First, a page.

Truth be told that most urban areas are not known for having edible plants growing in public spaces. Some notable exceptions to this include Cuba’s urban farming and the town of Todmorden in the UK. In Australia we have Buderim’s food street where the verges have been planted out with edibles to share. I really hope these exceptions become the norm one day.
Not incorporating edibles into urban landscapes is not only a shame but also means so many lost opportunities. So many lost opportunities to:
- recognise the seasons and see what amazing produce is on offer
- connect with others living in the community while picking and preserving the produce
- taste produce at its best
- have a closer connection to our environment
- provide greater self reliance to get through difficult times.
There are laws around foraging in public places and while I’m not an expert it’s generally not encouraged. For example, in South Australia native plants can only be picked on crown land if you have a permit. It’s ok to forage natives on private property as long as it’s done responsibly and the local population remains intact. In urban areas issues of private land ownership arise and over harvesting of plant populations come into play. Most of the problems with foraging seem to stem from plant illiteracy and greed when people wish to profit from their finds.
I’m not going to go into detail about the principles of responsible foraging here other than:
- know what you are picking
- make sure you responsibly harvest whatever you are picking
- pick what you need and leave what you don’t.
In my local area I have discovered some edibles growing along a council drain following an initial discovery of a plum tree. While picking the plums I noticed that there were also nectarines in the drain next to some of the dropped plums. I wandered up the drain to find where the nectarines were coming from. They were falling off a tree that was hanging over the fence. I also found in a very short distance a banana tree, grape vine, rosemary and mulberry tree.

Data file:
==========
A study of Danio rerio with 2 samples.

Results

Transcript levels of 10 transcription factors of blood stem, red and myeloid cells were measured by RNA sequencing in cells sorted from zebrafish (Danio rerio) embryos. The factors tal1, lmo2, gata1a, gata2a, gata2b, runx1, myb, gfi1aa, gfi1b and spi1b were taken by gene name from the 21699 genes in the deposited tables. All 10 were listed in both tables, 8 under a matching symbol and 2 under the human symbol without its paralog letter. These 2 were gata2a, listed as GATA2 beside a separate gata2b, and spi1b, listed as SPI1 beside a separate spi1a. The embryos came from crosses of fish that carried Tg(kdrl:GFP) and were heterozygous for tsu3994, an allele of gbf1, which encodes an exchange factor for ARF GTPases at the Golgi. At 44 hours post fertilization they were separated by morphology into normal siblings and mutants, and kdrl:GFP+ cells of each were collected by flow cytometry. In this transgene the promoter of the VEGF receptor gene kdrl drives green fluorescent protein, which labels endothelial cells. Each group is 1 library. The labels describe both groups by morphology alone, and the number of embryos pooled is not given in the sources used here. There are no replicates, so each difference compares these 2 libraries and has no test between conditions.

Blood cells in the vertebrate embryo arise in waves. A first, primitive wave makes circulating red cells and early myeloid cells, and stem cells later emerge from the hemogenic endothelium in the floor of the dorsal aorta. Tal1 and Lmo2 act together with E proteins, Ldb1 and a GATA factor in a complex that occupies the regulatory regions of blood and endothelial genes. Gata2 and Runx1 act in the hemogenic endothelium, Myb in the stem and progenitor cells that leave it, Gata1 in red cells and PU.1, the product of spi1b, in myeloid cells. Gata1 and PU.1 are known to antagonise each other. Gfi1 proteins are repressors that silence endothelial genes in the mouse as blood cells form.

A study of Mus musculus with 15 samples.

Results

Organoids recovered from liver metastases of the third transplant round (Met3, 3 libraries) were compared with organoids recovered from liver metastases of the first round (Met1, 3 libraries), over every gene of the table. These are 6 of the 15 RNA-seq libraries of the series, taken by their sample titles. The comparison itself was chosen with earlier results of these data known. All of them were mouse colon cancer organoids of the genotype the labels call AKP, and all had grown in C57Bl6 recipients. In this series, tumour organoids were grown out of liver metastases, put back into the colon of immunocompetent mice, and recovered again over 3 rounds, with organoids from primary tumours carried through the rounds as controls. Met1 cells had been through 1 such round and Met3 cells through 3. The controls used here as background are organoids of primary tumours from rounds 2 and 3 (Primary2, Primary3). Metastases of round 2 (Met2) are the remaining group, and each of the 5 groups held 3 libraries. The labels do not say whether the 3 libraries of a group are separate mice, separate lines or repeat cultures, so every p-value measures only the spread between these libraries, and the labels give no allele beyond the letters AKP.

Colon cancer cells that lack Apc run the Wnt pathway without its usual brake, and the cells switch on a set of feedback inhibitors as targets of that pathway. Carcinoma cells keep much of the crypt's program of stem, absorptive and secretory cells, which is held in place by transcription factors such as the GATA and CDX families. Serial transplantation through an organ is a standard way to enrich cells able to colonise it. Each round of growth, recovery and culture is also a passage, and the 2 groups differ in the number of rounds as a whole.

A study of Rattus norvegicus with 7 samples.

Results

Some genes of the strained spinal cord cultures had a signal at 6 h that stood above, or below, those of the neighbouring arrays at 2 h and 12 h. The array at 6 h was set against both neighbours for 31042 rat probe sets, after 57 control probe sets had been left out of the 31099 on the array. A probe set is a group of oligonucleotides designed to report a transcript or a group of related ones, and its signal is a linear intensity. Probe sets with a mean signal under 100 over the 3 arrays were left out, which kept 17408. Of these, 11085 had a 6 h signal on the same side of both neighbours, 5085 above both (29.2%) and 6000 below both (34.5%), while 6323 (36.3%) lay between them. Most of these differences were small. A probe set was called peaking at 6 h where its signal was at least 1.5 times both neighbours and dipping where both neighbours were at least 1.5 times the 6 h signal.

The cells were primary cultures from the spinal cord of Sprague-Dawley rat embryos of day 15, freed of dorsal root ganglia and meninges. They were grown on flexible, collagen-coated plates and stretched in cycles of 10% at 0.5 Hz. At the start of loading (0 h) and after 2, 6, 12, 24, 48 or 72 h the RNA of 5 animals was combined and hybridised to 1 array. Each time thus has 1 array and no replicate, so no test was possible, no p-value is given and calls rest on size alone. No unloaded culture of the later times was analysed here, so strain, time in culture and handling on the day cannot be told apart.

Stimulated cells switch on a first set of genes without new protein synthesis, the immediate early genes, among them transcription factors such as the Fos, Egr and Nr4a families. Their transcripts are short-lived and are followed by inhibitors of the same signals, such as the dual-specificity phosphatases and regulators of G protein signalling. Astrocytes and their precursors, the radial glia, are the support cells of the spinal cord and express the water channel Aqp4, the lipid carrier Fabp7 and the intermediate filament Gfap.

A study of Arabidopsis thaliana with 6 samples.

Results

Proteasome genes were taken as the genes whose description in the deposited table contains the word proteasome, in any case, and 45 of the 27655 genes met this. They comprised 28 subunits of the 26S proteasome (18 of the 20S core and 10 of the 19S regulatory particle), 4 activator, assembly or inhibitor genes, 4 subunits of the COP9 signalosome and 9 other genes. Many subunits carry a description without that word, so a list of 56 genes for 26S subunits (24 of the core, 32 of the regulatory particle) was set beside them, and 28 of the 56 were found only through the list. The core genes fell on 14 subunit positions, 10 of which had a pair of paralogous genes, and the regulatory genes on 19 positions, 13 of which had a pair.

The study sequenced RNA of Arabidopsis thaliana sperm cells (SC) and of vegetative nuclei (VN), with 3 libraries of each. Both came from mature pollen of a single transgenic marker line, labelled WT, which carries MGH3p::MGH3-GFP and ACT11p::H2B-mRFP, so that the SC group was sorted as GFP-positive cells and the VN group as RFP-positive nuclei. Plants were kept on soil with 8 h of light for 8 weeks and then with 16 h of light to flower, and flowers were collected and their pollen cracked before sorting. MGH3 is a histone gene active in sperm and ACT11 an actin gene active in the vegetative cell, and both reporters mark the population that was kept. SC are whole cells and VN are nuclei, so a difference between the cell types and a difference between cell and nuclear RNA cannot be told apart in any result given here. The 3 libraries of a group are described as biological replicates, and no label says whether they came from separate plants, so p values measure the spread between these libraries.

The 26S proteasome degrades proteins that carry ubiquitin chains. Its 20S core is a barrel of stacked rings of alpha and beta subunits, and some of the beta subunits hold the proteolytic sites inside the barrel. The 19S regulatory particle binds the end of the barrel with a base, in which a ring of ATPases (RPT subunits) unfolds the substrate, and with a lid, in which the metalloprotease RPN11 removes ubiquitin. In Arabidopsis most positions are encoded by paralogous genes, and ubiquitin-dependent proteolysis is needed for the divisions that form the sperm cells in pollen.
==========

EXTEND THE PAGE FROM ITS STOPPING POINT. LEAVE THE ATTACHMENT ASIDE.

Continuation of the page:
This space is a great contender for some guerrilla gardening. The eroded drain provides a source of ground water for the established trees as well as a seasonal supply for watering the baby trees and plants by hand. Usually the drain is well dry at this time of year but had some water flowing due to the recent unusual storms. I’ll need to ponder a bit more about future guerrilla plantings in this space.
Back to the plums. I gathered up some plums before Christmas and we ate them fresh. They were very tasty and tart which is how I like my plums. We went away for a week and during that time there was a four day heat wave. When I went back to the tree most of the fruit seemed to have fallen and it was now very ripe. They were still tasty so I collected some to make some fruit leather.
Plum leather recipe
Get a large pot and a bowl ready for pips. Take the plums and squeeze between fingers over the pot. The seed should become loose and easy to remove. Place pips in bowl. Once all the plums have had their seeds removed squeeze some lemon over them. I used about half a lemon for 2 kgs of fruit. Put pot on medium heat on stove. Once the juices start releasing turn the heat down to simmer. Once enough juice has been released, use a stick blender to blend plums into a puree. Simmer for 10 mins and turn heat off.
At this point the puree needs to be dehydrated. If you have a dehydrator use that. I don’t have one so I use the oven. Prepare some baking trays by placing baking paper on them. Get a soup ladle and put the puree on the baking paper about 1/2 cm thick. Spread out puree evenly on tray using the back of a spoon and gently tap it to level out the puree. Place all the trays in the oven and cook on low heat 80c. Check regularly but expect it to take up to 8 hours to dehydrate. It’s ready when the mixture peels back from the baking paper.